Liz Truss says she’s not trying to reinstate herself as prime minster

Liz Truss talks to SKY NEWS
Ms Truss said it was 'wrong' to hold her responsible for the rise in mortgage rates

Liz Truss has insisted she does not want to “reinstate” herself as prime minister, just days after hinting she could return to front-line politics.

The former premier said last week it was “never wise to rule anything out” when asked if she would consider standing again for the Tory leadership.

But in an interview with Sky News, broadcast on Sunday, she said she had no interest in returning to Downing Street.

Referring to her new book, Ten Years To Save The West, she said: “What the book is about is not trying to reinstate myself as prime minister.”

A return to No 10?

Asked directly whether she would like another turn in No 10, she said: “No”.

She added: “What I want to do here is explain to people what happened and try and explain some of the problems that are developed in the British system that make it very, very difficult for democratically elected politicians to actually deliver the policy they were mandated to deliver. So that is what I’m trying to do.”

Last week she was asked by LBC if she would want to return to front-line politics in the event the Conservatives lose the upcoming general election, Ms Truss said: “I definitely have unfinished business. Definitely. And I think the Conservative Party has unfinished business.

“I think, if we’re honest with ourselves, we haven’t done enough to reverse the Blair legacy.”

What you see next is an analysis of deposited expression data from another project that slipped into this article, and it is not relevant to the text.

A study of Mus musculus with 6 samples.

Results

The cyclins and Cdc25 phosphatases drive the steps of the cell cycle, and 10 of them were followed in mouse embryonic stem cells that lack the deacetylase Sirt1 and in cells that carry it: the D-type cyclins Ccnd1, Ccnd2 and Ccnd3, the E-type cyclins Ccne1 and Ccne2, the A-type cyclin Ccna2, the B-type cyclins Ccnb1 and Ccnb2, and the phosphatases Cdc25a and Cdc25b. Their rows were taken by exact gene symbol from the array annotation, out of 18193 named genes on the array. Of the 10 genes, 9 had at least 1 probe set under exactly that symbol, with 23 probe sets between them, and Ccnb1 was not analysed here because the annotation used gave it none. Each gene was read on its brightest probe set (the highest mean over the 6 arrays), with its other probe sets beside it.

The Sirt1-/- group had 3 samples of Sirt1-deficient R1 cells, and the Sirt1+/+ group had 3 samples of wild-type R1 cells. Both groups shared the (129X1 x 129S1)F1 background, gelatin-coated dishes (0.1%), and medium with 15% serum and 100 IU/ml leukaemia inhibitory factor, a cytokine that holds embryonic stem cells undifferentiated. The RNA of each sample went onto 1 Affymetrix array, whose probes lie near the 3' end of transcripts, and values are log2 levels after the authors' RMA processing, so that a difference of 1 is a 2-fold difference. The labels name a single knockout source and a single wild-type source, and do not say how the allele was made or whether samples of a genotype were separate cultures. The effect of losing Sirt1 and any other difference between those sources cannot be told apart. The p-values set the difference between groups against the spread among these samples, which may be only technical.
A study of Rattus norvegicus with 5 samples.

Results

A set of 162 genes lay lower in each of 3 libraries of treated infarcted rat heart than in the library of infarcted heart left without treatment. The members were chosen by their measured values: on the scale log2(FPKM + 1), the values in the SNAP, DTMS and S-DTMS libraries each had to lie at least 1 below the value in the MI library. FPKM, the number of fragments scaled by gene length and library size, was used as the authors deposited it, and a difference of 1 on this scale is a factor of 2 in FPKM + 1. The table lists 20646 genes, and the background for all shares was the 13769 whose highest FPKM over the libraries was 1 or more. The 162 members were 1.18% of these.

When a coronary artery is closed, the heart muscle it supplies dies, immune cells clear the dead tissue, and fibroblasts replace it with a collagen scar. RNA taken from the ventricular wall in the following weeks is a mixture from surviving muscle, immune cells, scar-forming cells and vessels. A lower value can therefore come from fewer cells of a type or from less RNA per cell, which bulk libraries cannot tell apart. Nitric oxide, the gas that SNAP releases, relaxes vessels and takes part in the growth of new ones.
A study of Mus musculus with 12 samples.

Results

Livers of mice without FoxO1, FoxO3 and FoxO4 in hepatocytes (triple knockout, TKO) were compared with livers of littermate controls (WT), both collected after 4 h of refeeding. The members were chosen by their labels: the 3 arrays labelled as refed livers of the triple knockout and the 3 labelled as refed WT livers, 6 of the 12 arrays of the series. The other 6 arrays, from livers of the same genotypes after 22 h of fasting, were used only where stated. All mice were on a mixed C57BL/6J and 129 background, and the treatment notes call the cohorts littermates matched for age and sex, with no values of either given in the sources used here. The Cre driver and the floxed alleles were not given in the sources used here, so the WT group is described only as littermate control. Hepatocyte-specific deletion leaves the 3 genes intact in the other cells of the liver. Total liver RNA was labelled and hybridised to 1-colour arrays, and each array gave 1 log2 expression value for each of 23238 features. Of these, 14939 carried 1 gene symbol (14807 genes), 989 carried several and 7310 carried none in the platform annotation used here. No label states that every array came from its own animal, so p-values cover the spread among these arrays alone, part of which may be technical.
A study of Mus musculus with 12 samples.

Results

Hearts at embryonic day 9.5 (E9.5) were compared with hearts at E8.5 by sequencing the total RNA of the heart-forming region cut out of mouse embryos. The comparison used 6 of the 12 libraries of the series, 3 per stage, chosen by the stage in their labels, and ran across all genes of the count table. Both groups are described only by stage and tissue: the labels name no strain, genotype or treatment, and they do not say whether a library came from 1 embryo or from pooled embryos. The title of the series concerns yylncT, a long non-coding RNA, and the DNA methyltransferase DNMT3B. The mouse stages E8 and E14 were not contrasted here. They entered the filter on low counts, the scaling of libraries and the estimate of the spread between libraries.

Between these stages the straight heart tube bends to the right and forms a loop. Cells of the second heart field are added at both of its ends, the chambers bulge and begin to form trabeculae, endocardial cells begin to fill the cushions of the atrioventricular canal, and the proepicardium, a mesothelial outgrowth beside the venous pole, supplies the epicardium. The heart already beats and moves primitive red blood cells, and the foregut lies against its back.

She insisted she had not written her book “to run a leadership campaign”, but wanted to build support for her political ideas.

But pressed if she would rule out standing for the Tory leadership in future, she said: “Well, it’s never wise to rule anything out in politics, is it?”

A copy of "Ten Years To Save The West" by Liz Truss is seen in a branch of the Waterstones book store
The former prime minster has a new book out called Ten Years To Save The West - Leon Neal

Labour has accused Ms Truss of engaging in a “twisted victory lap”, holding her responsible for a spike in mortgage rates following her ill-fated mini-Budget.

But the former prime minister told Sky News it was “wrong” to suggest she was to blame, insisting the problem was not unique to the UK.

She also revealed she had never met Andrew Bailey, the Governor of the Bank of England, in person – and admitted that was probably a mistake.

She said: “The issues that I faced in office were issues of not being able to deliver the agenda I’d set out because of a deep resistance within the British economic establishment.

“I think it’s wrong to suggest that I’m responsible for British people paying higher mortgages.

“That is something that has happened in every country in the free world.”

‘I faced real resistance’

She pointed the finger at the Bank for the market turmoil, adding: “I faced real resistance and actions by the Bank of England that undermined my policy and created the problems in the markets.”

The former prime minister has called for Mr Bailey’s resignation over his response to the economic policies she tried to enact during her short tenure in No 10.

But on Sunday, she confirmed she had never met him in person.

“I actually had a meeting set up and wanted to meet him, but I was advised that would be a bad idea,” she said.

“Perhaps I shouldn’t have taken that advice, but that advice came from the Cabinet Secretary, and what I didn’t want to do is further exacerbate the problems ... But what I was very, very concerned about is the country was in a serious situation.

“I didn’t want to exacerbate that situation by making it worse ... In retrospect, yes, I probably should have spoken directly to the Governor of the Bank of England at the time.”